I went for a Sunday walk in the Almaden Quicksilver Park today. I like to leave the car by the Guadalupe Reservoir on Hicks road and walk in across the dam.

I come to this park about twice a year, usually alone, and I always have this sense of giving myself a special treat when I’m here. Getting away from the friggin’ computer and touching Gaia.

I remember last year I came here when I was thinking about retiring, for instance, and again right after I retired.

I’m always amazed how Nature keeps on doing her thing unaided. All the fractal layers of life, I just want to zoom in on it forever. But can’t actually zoom that far, so need to stop and savor the four or five levels I get.

Around 1930 Alfred Stieglitz took a lot of pictures of the sky and gave them all the title “Equivalent,” which he said meant that each of the sky images captured a pattern that was equivalent to some mental or emotional state. In this picture, I was thinking the cloud and the wood grain were equivalent patterns, so that’s another kind of equivalent.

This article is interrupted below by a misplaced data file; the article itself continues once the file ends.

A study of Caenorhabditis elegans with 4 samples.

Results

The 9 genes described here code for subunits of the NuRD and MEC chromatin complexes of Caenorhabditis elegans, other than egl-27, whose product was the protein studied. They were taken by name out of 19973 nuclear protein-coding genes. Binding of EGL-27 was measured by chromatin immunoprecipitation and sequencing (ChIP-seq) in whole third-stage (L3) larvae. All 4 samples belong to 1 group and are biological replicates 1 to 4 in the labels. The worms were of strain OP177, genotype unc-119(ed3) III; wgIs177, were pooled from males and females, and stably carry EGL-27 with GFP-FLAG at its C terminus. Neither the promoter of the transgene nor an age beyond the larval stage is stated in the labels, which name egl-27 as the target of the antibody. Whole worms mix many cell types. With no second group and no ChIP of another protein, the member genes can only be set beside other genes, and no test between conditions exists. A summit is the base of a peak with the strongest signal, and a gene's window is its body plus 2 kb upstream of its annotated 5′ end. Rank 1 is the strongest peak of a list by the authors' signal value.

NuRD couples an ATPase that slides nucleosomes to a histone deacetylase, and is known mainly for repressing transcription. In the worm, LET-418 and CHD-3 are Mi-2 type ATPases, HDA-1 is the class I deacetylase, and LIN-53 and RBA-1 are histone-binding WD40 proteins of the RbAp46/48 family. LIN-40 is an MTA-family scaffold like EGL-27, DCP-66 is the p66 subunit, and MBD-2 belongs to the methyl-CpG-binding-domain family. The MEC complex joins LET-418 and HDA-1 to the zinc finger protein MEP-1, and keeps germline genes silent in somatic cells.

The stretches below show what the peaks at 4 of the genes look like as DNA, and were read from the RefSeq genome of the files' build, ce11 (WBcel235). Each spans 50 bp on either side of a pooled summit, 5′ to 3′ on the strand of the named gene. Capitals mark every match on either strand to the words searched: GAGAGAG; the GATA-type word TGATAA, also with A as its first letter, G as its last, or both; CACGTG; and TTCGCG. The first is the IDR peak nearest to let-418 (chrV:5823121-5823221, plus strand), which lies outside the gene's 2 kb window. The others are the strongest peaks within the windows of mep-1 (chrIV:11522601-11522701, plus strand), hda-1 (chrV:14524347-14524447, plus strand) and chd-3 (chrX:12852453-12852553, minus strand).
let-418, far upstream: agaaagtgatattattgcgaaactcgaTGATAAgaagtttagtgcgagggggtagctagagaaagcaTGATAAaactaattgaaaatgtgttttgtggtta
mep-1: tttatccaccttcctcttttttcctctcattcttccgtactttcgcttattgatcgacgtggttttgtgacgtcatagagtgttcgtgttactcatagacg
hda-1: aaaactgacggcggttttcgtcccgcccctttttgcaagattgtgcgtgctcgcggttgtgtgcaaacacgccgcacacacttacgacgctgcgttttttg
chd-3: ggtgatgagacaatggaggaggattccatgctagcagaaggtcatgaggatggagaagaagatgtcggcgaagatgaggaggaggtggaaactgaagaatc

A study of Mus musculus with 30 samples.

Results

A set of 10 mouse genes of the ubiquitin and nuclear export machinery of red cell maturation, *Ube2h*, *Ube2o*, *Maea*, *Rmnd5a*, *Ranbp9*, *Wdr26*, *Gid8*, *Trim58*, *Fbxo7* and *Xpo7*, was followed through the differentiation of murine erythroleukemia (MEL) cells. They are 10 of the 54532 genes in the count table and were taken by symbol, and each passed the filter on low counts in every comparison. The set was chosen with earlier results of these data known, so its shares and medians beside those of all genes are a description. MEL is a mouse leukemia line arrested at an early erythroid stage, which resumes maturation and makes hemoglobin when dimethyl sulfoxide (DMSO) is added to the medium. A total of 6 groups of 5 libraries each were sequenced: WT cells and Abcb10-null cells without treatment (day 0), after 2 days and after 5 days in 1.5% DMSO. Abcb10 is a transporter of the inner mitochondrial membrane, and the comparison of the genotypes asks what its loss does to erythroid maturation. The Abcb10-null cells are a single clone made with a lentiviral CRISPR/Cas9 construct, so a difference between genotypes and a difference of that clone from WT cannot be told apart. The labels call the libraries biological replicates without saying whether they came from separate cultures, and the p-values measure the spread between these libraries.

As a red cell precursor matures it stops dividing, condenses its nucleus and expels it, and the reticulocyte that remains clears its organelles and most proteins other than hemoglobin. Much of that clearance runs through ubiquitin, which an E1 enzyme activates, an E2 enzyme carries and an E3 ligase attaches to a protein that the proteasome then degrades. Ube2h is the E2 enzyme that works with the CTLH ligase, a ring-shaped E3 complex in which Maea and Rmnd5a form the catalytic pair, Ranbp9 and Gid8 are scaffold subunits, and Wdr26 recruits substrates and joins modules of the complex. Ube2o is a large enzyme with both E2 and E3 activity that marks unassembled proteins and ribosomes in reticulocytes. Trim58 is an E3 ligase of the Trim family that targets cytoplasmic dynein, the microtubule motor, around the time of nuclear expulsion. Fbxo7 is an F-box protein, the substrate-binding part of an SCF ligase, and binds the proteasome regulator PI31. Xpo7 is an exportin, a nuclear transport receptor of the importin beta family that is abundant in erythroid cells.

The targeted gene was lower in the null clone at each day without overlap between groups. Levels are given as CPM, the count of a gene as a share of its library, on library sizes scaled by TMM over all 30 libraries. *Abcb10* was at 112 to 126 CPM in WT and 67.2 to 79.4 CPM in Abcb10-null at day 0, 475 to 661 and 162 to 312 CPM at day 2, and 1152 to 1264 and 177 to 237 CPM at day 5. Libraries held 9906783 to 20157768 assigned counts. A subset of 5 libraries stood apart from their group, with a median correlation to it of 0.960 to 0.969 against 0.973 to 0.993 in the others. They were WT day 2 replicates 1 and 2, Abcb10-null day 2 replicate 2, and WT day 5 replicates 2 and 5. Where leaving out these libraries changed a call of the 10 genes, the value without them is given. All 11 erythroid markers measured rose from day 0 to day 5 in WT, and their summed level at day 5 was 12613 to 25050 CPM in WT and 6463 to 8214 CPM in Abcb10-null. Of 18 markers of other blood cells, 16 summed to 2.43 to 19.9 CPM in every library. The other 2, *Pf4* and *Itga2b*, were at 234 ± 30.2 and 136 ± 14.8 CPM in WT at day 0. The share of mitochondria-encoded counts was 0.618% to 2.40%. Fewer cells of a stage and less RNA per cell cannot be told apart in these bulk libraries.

I have a weakness for pictures of the sky, as readers of this blog will have noticed by now, and I admire Stieglitz for figuring out a rap for making them sound like more than “isn’t this pretty?” (Be it said, his pictures of the sky are amazing.)

I couldn’t find a good link for a page with a bunch of Stieglitz equivalents, you can get a kind of fake page of them with a Google image search, and there’s a good page at the George Eastman House.

The thing about calling a picture of a sky an “equivalent,” is that if it’s just a picture of a cloud, people are like, so what, but if you tell them that it’s really a picture of your inner turmoil or passing serenity, then it seems more interesting, gossipy monkeys that we are.